Eight years ago, I really thought America had turned a corner on race relations. The nation had elected its first African-American president, Barack Obama.
Eight years later, I'm not so sure.
Tonight the president will deliver what amounts to his farewell address, offering a review of his tumultuous two terms in office, a look at the future, and a healthy dose of advice for the man who will soon reside in the White House.
A year ago, many experts were still passing off Donald Trump as a joke, a billionaire real estate mogul and reality TV host who so liked the idea of being the center of attention that running for the presidency piqued his interest, despite his seeming complete lack of credentials to do the job.
Then, toppling one Republican foe for the GOP nomination at a time, he connected with a lot of Americans who saw him as the answer to their prayers. They felt marginalized, ignored, spoken down, disrespected, maybe even a bit reviled by the powers that be and elites who have ruled the country - sometimes in anonymity - for much of the last generation.
In other words, I think maybe they felt a bit like Barack Obama and many African-Americans felt eight years ago.
That commonality did not last long. Politics cured that.
Republicans made it clear that above all else, their objective after the election of Barack Obama was to insure the re-election of Barack Obama would never happen.
They set the tone that was picked up by right-wing talk radio, and soon crackled across the nation.
It too often bubbled to the surface, at least to my way of looking at it, in ugly ways.
I think a lot of what has happened over the past eight years is fairly easy to explain. I think there are a lot of Americans who simply were less than enamored at what many of us believed was going to be an historic change of course for the country - its first black president. Instead I'm not sure it simply did not reinforce how far we still have to go.
Make no mistake. I do not agree with everything President Obama did. He often spoke first, perhaps without fully digesting how his words would be interpreted, such as when he chimed in that police acted "stupidly" in stopping a Harvard professor.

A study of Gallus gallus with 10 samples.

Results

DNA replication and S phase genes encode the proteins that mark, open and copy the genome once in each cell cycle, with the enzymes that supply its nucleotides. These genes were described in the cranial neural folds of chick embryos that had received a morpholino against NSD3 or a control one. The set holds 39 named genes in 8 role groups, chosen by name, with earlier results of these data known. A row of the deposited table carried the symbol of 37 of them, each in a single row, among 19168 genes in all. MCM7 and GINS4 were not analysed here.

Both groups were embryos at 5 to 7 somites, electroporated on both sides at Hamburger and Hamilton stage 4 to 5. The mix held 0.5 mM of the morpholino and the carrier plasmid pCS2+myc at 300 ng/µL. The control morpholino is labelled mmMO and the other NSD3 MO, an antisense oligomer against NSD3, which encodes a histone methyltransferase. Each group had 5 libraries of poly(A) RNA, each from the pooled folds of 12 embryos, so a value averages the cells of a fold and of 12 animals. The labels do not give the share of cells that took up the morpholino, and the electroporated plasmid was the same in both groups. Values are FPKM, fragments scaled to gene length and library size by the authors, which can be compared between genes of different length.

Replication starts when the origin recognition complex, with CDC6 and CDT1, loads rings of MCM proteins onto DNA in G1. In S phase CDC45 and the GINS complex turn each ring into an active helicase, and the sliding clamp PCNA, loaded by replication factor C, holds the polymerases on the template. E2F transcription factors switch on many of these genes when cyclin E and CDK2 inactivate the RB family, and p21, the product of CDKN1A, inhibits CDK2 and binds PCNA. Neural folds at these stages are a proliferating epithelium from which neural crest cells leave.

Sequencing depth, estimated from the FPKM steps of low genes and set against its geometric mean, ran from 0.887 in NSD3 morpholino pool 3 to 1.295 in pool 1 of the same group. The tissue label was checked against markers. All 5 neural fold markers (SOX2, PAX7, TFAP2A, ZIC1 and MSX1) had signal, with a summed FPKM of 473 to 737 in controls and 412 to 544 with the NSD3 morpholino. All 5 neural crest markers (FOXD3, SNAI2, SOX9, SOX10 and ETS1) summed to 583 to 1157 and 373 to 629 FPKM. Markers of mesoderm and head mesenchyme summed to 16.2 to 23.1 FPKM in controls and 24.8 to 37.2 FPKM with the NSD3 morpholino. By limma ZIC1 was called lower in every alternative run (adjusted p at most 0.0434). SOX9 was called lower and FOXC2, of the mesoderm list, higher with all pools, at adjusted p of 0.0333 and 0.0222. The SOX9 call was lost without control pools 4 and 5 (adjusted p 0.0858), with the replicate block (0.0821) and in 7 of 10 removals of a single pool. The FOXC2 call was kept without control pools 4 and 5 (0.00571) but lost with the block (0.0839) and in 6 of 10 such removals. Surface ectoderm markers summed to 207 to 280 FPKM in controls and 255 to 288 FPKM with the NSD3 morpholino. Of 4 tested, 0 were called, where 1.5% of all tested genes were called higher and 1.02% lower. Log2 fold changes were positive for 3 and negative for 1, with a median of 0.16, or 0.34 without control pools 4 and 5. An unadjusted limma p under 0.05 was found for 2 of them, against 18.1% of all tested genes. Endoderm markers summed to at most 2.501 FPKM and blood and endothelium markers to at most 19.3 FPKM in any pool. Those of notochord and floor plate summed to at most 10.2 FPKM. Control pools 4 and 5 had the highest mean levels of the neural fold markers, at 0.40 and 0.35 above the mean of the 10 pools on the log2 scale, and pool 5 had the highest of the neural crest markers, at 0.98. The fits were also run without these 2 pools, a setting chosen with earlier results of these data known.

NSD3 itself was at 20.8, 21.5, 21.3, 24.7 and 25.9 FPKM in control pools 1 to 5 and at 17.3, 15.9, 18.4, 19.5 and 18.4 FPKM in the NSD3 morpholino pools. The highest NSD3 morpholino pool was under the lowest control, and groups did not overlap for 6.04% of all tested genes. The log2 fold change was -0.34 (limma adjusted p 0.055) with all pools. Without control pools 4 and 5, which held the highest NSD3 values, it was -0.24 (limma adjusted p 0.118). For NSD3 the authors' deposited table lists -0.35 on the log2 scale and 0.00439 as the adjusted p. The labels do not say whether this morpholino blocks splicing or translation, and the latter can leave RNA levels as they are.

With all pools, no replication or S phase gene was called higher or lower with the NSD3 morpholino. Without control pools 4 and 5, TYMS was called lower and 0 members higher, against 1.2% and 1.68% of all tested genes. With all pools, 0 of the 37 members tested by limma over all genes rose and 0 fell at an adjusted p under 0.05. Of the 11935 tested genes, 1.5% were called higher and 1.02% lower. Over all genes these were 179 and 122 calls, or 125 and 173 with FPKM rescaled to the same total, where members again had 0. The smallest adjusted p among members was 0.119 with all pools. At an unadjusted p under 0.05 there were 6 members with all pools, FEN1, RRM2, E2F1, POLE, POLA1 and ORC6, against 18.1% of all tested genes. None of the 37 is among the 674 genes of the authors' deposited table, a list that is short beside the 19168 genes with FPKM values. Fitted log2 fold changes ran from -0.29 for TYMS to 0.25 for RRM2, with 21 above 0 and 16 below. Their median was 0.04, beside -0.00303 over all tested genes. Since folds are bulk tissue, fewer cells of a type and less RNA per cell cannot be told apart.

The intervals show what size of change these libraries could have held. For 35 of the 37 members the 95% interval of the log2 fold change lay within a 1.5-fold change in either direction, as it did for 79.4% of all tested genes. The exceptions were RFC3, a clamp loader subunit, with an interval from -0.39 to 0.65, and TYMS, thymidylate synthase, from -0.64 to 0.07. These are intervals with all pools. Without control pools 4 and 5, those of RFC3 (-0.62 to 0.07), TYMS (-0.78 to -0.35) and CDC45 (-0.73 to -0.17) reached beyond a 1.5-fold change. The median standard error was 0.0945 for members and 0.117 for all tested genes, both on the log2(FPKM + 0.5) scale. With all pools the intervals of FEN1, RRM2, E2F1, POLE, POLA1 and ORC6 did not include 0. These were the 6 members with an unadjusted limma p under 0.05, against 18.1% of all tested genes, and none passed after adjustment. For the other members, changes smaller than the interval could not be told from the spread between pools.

Of course, as with just about everything that happened in his administration, those words and actions would be viewed in black and white - literally.
His signature program, the Affordable Care Act, almost routinely ridiculed as Obamacare, remains wildly popular with the country, if not with Republicans in Washington. It has offered health care to 20 million Americans who were not covered before. And yet it remains in the crosshairs, the first Obama relic scheduled to be dismantled when the new Republican Congress, replete with a veto-proof White House, takes control in a week.
I will listen intently tonight as Barack Obama signs off as 44th president of the United States.
I would be lying if I did not admit I am somewhat fearful of what lies ahead with the 45th president.
We have turned the keys to the county over to a man who seems incapable of responding via Twitter to every perceived slight, be it someone in his own party, a 'Saturday Night Live' skit, or Meryl Streep's speech at Sunday night's Golden Globe awards.
In that Tweet, the Donald, with his characteristic, 140-character caustic blast, belittled Street as a "Hillary Clinton flunky" and the "one of the most over-rated actresses in Hollywood."
We can only hope that Trump is a better president than film critic.
I really hope Donald Trump is a terrific president.
I fear that will not be the case.
I fear the damage his unchecked trigger finger - on things much more important than a phone or tablet tapping out a Twitter response - may inflict on the country.
Trump promised to "drain the swamp" in Washington. And immediately surrounded himself with the same kind of insiders he spent the majority of his campaign ridiculing.
I hope that Mr. Trump is listening tonight. Most expect President Obama to offer a healthy dose of advice.
I doubt Trump and his GOP pals will be listening.
They stopped listening eight years ago.